Jonas's community is a dystopia because the people have no freedom of choice, and he slowly realizes this once he begins his training.
Jonas’s community tries to make things perfect, but perfection is impossible to accomplish. This is how a utopia becomes a dystopia. Often when communities try to create completely safe spaces, they do so by taking rights away from their members. That is what is happening with Jonas’s community.
When the book begins, Jonas is just like everyone else in his community. He thinks his community is perfect. He often comments on how organized it is, and how enjoyable it is. To him, all of the rules and the tight control are positive things. These are designed to keep everyone safe and happy. He has been indoctrinated, or you could say brainwashed, to believe this since he was a small boy. He does not know anything else.
Jonas often makes comments about things that raise red flags to the reader that he or other members of his community may not notice. One example of this is the release of newchildren and the elderly. To the reader, these things may just appear odd at first. We do not yet know what release is, although it is pretty easy to guess, so we may wonder where the old people and babies are going. Jonas seems to think Elsewhere is a place. He does not know the concept of death yet.
When Jonas describes the release of newchildren, it foreshadows the fact that the community is carefully controlling every aspect of the citizens’ lives, from birth.
Jonas and Lily both nodded sympathetically as well. Release of newchildren was always sad, because they hadn't had a chance to enjoy life within the community yet. And they hadn't done anything wrong. (Ch. 1)
Release of infants who do not sleep through the night, or do not grow fast enough, seems crazy to most of us. We would not consider killing babies an aspect of a perfect world. Jonas and most of the other members of the community do not realize what is happening, but there are plenty of people who do, on some level. The Nurturers who take care of the infants and the Caretakers at the House of the Old have to know that they are killing those in their charge, even if they do not really have an understanding of what it means when the body stops moving.
Jonas, however, is different. He sees his community as perfect, a utopia, until the day he begins his training as Receiver of Memory. Then he is introduced to the way the world used to be before Sameness. At first, he sees only happy memories such as sledding and sailing. He starts to wonder why the community would take those things away from their people.
As Jonas’s training continues, he starts to see the world as it once was, including war and death. No one in his community knows pain. They have never known real suffering. Jonas realizes that they have never known any real emotions.
On this unexpected, casual holiday he felt happy, as he always had on holidays; but with a deeper happiness than ever before. Thinking, as he always did, about precision of language, Jonas realized that it was a new depth of feelings that he was experiencing. Somehow they were not at all the same as the feelings that every evening, in every dwelling, every citizen analyzed with endless talk. (Ch. 17)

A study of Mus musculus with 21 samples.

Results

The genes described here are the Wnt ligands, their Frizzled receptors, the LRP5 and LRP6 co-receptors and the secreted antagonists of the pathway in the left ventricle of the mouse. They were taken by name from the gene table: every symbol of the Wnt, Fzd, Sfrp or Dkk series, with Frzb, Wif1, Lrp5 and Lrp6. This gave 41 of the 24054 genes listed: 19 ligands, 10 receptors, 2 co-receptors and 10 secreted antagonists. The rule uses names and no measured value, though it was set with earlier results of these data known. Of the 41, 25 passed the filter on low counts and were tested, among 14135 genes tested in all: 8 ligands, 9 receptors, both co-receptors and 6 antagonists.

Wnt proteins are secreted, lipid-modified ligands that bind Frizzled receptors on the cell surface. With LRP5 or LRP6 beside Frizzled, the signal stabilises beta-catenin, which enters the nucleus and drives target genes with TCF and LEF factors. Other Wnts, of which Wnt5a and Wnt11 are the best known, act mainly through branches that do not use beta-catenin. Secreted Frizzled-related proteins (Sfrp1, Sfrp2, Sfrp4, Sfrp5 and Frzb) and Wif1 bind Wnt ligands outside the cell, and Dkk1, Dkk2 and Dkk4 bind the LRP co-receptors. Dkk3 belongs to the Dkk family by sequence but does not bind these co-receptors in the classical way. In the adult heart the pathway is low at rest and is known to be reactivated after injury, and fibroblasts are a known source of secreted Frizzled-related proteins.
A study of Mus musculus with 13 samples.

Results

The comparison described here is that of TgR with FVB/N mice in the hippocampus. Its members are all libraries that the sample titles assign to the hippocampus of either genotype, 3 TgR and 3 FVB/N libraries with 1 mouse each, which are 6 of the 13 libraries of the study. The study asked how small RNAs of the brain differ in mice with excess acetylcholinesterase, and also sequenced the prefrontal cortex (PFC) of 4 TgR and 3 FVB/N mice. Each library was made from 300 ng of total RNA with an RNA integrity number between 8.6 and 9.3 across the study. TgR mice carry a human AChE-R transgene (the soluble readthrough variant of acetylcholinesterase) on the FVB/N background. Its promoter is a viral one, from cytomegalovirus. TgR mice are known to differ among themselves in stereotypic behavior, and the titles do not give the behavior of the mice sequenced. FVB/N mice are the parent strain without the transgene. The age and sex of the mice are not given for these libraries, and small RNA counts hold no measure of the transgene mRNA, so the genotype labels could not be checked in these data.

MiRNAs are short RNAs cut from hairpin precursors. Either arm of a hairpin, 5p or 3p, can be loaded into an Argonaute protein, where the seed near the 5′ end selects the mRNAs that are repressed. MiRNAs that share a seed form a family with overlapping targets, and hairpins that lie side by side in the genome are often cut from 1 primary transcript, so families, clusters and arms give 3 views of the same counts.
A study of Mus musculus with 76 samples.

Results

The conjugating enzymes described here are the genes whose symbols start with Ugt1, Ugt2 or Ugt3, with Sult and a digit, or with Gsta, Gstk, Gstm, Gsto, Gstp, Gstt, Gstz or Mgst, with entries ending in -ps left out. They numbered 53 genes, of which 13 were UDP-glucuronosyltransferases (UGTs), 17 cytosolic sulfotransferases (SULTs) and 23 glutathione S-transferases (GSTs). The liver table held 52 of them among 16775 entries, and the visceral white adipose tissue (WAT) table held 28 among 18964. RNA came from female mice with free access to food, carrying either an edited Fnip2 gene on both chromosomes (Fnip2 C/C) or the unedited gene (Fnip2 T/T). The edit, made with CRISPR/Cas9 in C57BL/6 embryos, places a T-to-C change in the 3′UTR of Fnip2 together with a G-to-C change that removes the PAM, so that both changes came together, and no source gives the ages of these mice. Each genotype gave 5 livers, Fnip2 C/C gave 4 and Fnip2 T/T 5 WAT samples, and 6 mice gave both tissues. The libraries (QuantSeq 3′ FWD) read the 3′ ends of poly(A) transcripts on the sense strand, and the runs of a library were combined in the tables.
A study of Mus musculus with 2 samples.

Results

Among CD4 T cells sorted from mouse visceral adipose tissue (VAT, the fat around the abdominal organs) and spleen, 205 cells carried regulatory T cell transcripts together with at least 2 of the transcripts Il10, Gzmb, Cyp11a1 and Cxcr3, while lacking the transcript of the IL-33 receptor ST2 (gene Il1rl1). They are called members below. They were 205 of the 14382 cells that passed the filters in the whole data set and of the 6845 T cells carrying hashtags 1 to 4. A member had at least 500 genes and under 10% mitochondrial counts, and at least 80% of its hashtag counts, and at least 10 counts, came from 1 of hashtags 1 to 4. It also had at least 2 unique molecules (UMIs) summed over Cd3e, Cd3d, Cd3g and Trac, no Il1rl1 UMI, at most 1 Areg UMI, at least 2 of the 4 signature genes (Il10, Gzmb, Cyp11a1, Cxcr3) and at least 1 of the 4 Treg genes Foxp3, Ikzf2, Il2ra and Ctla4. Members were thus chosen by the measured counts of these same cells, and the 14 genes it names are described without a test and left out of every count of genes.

The community makes a great effort to ensure that no one has strong feelings. This is the purpose of the rituals that seem to be linked to emotional purging, such as the telling of feelings and dreams. Jonas realizes that no one is really sharing a true emotion, because no one ever has one. Only Jonas’s emotions are real. When Jonas asks his parents if they love him, they respond by laughing at him because he used a funny old word with no meaning. They have no idea what love is.
The turning point comes, however, when Jonas finally learns what release means. He knows what death is because he has seen it in the memories. He has seen bodies stop moving, and it makes him feel terrible. He tries to convince his friend Asher not to play war games, because he knows what war is like, but Asher just gets frustrated and confused. When Jonas asks The Giver about release, the old man shows him one. He has Jonas watch a video of a newborn twin’s release, and Jonas reacts with shock and horror. His father killed a defenseless newborn, and then dumped it down a garbage shoot.
Jonas has a breakdown, unable to cope with the realization of the choices his community has made. As a compromise in the name of Sameness, they have given up every liberty. No one is capable of independent thinking, and that includes compassion. The Giver reminds him that his father really doesn’t understand what he has done.
"Listen to me, Jonas. They can't help it. They know nothing."
"You said that to me once before."
"I said it because it's true. It's the way they live. It's the life that was created for them…” (Ch. 20)
This information changes the way Jonas views his community. He and The Giver decide that the only way that they can change things is for Jonas to free the people from the oppressive nature of the community. They will never free themselves, because they do not understand what is missing since they have no access to emotions. Jonas and The Giver decide that Jonas will escape on his own, and the memories will return to the community. The people will then know love, and realize what war and death really are. After that, they will not be able to so callously kill old people and babies.
Throughout history, many people have attempted to create a perfect world. When this goes wrong, we call it a dystopia. That usually involves a community that has tried to control its citizens sufficiently to ensure that everyone leads a perfect life. You can’t lead a perfect life when you have no freedom. In a dystopia, freedom is the first thing to go. Jonas’s people have almost no freedom. Every choice is made for them, from the day they are born to the day they die.